FDA's handling of infant formula crisis raises questions about agency's ability to protect public healthFDA's handling of infant formula crisis raises questions about agency's ability to protect public health
The newly installed deputy commissioner for human foods faces the tough task of reforming the embattled agency, yet some senators and other industry leaders are not convinced that it will be enough to improve its culture.
September 15, 2023
At a Glance
- FDA acknowledged that it should do more to reduce foodborne illness, but it's unclear how much progress the agency has made.
- GAO is being asked to investigate FDA's food safety efforts and to recommend ways to improve the agency's effectiveness.
- The senators are committed to working with FDA to improve food safety in the United States.
Preventing foodborne illness is a bipartisan goal. Senators from the Democratic and Republican parties are demanding accountability from FDA, in part due to the agency’s handling of the 2022 infant formula crisis. On Sept. 12, Sen. Richard Blumenthal (D-CT) and Senate Majority Whip Dick Durbin (D-IL) sent a letter to the U.S. Government Accountability Office (GAO) questioning FDA’s effectiveness. On Sept. 11, four Republican senators sent a letter to FDA with a similar theme. All four Republicans are members of the Health, Education, Labor and Pensions (HELP) committee that has oversight of FDA.
Blumenthal and Durbin referenced an evaluation of FDA by an independent panel. The Reagan-Udall report, issued in December 2022, cited issues with the current culture at FDA, “including the lack of a clear vision and mission; a disparate structure and a consensus governance model; competing priorities; and the lack of a strong, supportive leader and, when the situation requires, an ultimate decision-maker, who is responsible for the Human Foods Program.” The panel found the agency’s organizational structure reinforces duplicative roles and responsibilities, siloed work and inadequate internal and external engagement. Additionally, resources are inadequate, the report stated.
FDA has since proposed a unified Human Foods Program run by a deputy commissioner for Human Foods. On August 23, the agency announced the appointment of James “Jim” Jones as the first-ever deputy commissioner.
Republican Senators Cassidy et al. acknowledged FDA’s recent efforts to reorganize into one organization, but noted in their letter to the agency: “We are concerned that FDA has not provided specific details about how it will foster an improved culture within the Human Foods Program.”
The senators are seeking specific details from FDA that include:
A clear vision and strategic goals for the program
Concrete metrics to measure whether the program is achieving its goals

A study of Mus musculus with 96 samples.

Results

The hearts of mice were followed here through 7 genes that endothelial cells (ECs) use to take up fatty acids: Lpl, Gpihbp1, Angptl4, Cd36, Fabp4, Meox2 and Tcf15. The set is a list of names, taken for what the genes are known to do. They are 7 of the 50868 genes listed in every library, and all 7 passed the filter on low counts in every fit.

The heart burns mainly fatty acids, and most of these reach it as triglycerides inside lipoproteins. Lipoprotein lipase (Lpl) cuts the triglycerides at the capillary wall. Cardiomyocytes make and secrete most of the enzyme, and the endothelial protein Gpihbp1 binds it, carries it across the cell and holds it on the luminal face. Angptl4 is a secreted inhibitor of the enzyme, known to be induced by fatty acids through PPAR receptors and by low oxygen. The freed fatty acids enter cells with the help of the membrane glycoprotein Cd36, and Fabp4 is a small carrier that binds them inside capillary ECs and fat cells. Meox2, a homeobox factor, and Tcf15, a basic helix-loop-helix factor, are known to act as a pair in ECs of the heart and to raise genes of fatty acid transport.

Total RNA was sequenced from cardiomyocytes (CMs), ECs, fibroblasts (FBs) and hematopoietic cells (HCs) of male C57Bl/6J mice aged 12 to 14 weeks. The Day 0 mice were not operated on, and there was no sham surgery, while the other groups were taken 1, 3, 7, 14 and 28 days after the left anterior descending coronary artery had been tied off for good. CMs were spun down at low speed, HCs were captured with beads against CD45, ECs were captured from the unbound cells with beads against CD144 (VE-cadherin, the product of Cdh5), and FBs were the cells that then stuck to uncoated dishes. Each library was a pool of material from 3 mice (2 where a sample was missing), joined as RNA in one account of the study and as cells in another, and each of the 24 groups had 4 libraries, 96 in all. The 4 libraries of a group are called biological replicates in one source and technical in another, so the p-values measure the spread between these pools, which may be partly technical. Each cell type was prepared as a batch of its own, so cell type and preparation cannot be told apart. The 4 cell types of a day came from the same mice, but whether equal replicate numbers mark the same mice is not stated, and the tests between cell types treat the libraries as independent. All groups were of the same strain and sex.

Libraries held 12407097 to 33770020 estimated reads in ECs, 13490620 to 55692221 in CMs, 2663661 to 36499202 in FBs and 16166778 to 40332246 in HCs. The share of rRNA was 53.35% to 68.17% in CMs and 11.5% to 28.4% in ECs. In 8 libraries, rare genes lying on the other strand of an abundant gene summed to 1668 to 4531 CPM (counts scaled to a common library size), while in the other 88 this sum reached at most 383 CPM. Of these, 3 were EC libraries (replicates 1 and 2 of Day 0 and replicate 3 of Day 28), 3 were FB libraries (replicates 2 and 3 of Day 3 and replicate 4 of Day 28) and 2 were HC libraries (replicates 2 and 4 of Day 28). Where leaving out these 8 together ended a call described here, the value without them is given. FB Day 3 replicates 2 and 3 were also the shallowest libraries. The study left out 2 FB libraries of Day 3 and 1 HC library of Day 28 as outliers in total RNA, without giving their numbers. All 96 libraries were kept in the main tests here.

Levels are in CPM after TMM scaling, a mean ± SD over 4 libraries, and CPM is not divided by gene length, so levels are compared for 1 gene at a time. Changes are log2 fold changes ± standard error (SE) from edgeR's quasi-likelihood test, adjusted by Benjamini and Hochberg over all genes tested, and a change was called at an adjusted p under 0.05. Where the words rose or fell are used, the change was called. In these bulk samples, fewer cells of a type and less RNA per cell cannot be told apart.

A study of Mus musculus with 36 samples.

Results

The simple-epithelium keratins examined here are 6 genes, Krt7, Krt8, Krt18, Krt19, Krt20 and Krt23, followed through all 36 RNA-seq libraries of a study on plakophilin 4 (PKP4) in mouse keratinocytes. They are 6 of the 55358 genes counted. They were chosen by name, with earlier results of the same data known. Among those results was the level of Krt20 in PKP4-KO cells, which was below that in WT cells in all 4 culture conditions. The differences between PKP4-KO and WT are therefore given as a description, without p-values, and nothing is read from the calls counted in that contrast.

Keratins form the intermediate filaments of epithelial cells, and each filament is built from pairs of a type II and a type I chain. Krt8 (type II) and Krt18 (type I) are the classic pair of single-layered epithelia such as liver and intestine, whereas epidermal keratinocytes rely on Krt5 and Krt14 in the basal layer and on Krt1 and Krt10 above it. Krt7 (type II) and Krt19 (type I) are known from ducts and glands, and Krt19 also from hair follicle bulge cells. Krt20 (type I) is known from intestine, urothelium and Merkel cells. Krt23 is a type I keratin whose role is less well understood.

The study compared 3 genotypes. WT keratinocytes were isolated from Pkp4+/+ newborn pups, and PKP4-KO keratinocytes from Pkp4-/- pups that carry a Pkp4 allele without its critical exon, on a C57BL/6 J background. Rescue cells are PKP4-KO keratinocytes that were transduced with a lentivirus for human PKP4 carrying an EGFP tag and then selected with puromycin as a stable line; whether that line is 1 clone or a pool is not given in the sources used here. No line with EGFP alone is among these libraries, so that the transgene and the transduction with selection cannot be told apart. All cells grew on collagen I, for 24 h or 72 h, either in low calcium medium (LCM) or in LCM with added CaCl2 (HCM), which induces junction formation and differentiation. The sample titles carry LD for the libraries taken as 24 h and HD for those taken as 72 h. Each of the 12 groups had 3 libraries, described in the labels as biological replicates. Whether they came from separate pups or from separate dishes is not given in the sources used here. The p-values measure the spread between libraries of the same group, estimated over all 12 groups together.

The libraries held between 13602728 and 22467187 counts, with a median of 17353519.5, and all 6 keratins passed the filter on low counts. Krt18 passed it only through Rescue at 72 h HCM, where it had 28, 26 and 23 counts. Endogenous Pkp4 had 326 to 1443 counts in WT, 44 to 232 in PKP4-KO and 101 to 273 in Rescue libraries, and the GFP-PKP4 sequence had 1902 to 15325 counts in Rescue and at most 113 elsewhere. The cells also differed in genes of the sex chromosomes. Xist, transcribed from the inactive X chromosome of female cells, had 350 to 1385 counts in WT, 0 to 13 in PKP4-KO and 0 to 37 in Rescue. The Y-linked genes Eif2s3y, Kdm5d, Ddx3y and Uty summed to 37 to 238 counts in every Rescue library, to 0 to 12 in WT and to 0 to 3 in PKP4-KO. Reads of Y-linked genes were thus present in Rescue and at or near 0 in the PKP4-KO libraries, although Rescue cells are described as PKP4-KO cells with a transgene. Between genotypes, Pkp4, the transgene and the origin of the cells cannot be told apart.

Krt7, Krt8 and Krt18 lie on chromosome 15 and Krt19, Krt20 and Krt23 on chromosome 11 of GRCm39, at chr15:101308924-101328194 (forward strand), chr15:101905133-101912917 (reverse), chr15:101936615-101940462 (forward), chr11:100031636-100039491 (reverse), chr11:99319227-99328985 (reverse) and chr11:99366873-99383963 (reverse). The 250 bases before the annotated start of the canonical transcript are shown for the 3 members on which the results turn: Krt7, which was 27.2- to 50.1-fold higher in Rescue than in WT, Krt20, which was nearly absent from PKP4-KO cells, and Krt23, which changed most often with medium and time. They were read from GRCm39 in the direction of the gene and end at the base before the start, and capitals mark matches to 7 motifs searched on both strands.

Greater detail on how the Office of Critical Foods will operate and ensure safety
More information on efforts to improve interagency coordination.
In the letter to GAO, the Democratic senators acknowledged FDA has taken steps to address some of the issues raised in the panel’s report, including proposals to restructure the agency. “Given the importance of FSMA to FDA’s goal of reducing foodborne illness in the United States, as well as the increases in funding for food safety and the recent changes at the agency, we request that GAO undertake a review that focuses on the following questions:”
1. What have been the key trends in foodborne illness since FSMA was enacted in 2011?
2. To what extent has FDA assessed its own effectiveness in implementing FSMA to reduce foodborne illness in the United States, and what metrics, if any, does FDA use to measure FSMA’s success?
3. What challenges, if any, does FDA face as it implements FSMA, and what barriers, if any, does FDA face in achieving its goal of further reductions in foodborne illnesses?
4. What impact, if any, have the recommendations in the Reagan-Udall report and FDA’s subsequent proposed changes had on the agency’s food safety efforts?
5. What new resources or authorities does FDA require from Congress to more effectively reduce foodborne illness in the United States?
In the same letter to GAO, data from the Centers for Disease Control and Prevention (CDC) was provided. "Each year, roughly 1 in 6 Americans (or 48 million people) get sick, 128,000 are hospitalized, and 3,000 die as a result of foodborne illness.”
Possibly because the CDC is also underfunded, the agency’s data may be lacking. “The oft cited 48 million number is quite dated, and we need to be able to gauge, if not in real time, at least more quickly, where foodborne illness stands in the U.S.,” said Dr. Jennifer McEntire, former chief food safety officer at International Fresh Produce Association and founder of Food Safety Strategy. “Plus, we know that almost half of these are due to norovirus, often associated with food preparation (home, restaurants, institutions, etc., Norovirus Burden and Trends | CDC). CDC's FoodNet data and other sources of data that track illness become difficult to interpret when you consider improvements in detection and diagnostics.
Still, McEntire wondered if a difference has been made with the investments the food industry has made in food safety.
“Is food safer?” she continued. “We don't have a good way to trend rates of foodborne illness since FSMA was passed. If GAO is able to investigate, maybe they will reveal some insights. We're more than a dozen years past FSMA, and a review of the impact on public health is warranted. With FDA's new leadership in the Human Foods Program, questions about how FDA can measure success are timely.”